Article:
The gear behind one of the coolest performers in history- Poison Ivy, the co-founder of The Cramps.
Poison Ivy is not only one of the coolest performers in history, she’s the co-founder of The Cramps, as well as a guitarist, songwriter, arranger, producer.
The start of The Cramps had Ivy playing unique instruments that fit the bill for their new brand of minimalism amongst the emerging punk scene. Pictured very early on with a plexiglass Dan Armstrong solid body electric, the brittle, bright nature of Poison Ivy’s sound was there from the start. The only noticeable absence being a tremolo bar that would help shape the Cramps’ take on punk and rockabilly, the Dan Armstrong featured a single humbucker in the bridge position.
Punk music was using increasingly distorted amps that were pushed to breakup to achieve distortion, and the punchy sound of the Armstrong’s humbucker helped round out Ivy’s tone.
She then moved onto more unique solid body electrics, with wood bodies this time, made by Bill Lewis. A double cutaway design with two humbuckers and the addition of Bigsby-like vibrato bars helped The Cramps evolve. While other punk bands found their sound in solid bodied electrics like Mosrites, Les Pauls and Fender Esquires, Ivy looked backwards to her heroes and found her way to hollow-bodied electrics.
A riot after a show in Paris saw the headstock of one of the Lewis guitars break, and the replacement, an orange 1958 Gretsch 6120, would become Ivy’s mainstay until the modern day. The Gretsch 6120 is a hollow-body electric made famous by players like Chet Atkins, Eddie Cochran and Duane Eddy, all huge influences on Poison Ivy herself. The Bigsby vibrato, hollow body and dual humbuckers all contribute to Ivy’s iconic sound, as well as the age of the guitar providing a unique resonance as the wood had had decades to open up and re-settle; a common and thread amongst more coveted vintage acoustic and hollow body guitars. While the original ‘58, with the cattle-prod style “G” etched into its body, would remain as Ivy’s main squeeze, a more modern re-issue Gretsch Nashville would serve as a spare, though Ivy’s choice of .11-.49 gauge strings rarely broke, despite an aggressive picking hand being a staple of her sound as much as any of the gear. The Nashville is for all intents and purposes a Chet Atkins signature model, renamed when Chet moved to Gibson for a short time.
Ivy can be seen with variants of the 6120, here and there with a sunburst model, though the distinct orange stain of main ‘58 became tied heavily to her image.
Amps and Pedals – Sound
Guitars aside, Ivy amplified her sound primarily through Fender Pro Reverbs with various speaker configurations. She preferred the black-panelled era models, as they broke up easier than their future counterparts that had a silver control panel. This allowed Ivy, with the assistance of various fuzzes throughout her career, to achieve a distorted and forward sound. Pedals like a Univox fuzz were used for thick, gritty tones, while a Maxon delay were used for slapback, securing The Cramps’ firmly to their rock ‘n’ roll roots. In addition to fuzz and slapback, as well as the tremolo bar adorning the 6120, Ivy used a Fulltone tremolo pedal for volume modulation, often at extreme settings for The Cramps extreme sounds. This applied to the studio as well, though Ivy preferred various, smaller Valco and Allen amps for the records. They recorded better, while the Fender Pro Reverbs were reliable for live use, being both roadworthy and more widely available internationally.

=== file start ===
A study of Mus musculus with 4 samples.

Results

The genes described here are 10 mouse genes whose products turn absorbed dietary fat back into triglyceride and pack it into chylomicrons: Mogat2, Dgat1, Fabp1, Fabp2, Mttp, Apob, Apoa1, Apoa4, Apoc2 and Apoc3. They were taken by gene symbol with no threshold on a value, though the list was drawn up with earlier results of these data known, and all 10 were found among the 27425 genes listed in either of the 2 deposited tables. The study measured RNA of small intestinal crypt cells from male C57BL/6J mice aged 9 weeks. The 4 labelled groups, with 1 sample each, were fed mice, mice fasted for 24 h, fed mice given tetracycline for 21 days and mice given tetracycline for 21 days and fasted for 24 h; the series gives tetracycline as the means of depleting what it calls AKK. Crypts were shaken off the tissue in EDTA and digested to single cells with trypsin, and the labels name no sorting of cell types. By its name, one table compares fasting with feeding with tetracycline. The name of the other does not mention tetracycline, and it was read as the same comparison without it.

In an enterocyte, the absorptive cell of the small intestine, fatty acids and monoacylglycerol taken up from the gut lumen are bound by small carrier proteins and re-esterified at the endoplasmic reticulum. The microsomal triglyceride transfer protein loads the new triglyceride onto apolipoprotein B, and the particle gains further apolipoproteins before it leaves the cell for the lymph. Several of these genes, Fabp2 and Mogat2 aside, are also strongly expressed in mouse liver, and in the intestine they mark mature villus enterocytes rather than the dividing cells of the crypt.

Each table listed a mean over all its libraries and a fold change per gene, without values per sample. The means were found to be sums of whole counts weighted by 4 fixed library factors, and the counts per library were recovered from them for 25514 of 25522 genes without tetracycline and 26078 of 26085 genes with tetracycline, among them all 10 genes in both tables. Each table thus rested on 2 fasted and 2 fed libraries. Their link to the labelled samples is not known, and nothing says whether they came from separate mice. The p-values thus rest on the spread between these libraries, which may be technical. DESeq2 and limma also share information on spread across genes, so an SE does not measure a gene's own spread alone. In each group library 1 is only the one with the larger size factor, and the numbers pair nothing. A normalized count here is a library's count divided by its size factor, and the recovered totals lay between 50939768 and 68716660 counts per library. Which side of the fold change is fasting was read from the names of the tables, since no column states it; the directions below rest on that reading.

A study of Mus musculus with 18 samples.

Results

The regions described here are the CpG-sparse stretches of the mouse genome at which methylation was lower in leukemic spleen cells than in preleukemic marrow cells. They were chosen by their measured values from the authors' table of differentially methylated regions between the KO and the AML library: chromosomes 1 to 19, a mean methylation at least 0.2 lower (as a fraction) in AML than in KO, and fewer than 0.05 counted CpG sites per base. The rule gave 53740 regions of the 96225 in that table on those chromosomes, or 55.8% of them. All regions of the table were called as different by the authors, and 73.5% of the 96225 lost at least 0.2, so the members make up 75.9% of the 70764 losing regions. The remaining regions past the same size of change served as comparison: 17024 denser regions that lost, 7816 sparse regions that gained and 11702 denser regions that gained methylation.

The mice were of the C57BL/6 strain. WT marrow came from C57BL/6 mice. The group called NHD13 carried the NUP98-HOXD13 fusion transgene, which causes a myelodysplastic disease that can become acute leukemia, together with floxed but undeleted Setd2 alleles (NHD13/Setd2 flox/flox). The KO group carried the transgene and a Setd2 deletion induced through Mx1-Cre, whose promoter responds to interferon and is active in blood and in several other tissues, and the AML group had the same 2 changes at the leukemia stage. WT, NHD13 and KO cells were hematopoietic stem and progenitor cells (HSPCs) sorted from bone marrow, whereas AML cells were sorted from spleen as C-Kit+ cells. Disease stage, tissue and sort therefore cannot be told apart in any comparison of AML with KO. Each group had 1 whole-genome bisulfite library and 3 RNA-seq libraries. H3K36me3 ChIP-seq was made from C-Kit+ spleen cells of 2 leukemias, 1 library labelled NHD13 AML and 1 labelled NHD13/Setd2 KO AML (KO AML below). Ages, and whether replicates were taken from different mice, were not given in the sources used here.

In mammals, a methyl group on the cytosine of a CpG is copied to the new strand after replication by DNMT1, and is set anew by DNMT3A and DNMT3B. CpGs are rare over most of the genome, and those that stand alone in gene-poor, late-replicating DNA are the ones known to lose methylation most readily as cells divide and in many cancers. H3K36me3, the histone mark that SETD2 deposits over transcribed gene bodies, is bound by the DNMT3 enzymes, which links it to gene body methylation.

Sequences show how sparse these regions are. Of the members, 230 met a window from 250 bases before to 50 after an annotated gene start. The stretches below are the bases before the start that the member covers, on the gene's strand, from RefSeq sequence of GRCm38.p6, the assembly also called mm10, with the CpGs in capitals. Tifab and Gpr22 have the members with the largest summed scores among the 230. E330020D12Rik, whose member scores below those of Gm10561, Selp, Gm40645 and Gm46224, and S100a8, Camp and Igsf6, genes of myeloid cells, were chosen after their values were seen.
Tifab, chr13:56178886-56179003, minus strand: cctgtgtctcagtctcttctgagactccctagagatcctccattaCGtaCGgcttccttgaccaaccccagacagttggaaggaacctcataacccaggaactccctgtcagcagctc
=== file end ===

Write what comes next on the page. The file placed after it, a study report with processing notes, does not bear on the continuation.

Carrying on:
Poison Ivy pushes the boundaries of guitar while remaining firmly rooted in rock ‘n’ roll. Rarely seen without her 6120 strung across her shoulder, she took what we’d learnt from early rock and moulded it into a new sound for the emerging punk scene, before The Cramps themselves pushed rockabilly and punk to new heights— or maybe new depths is more fitting for an early pioneer of psychobilly!
Always one to walk her own path, Ivy began on uncommon solid bodies like Dan Armstrong and Bill Lewis electrics and eventually found her way to a 1958 Gretsch 6120 that would stay with her throughout her career. She amplified this through some tried and true effects, the combination of which shaped the sound she used to inspire so many. There’s a lot to be said about someone who managed to be such a moniker of expression and uniqueness while primarily playing a guitar through a loud amp. Despite using a few pedals, Ivy’s sound was defined by not much else than her tenacity, creativity and unique take on electric guitar.
Read about the recent resurgence of The Cramps’ ‘Goo Goo Muck’ here.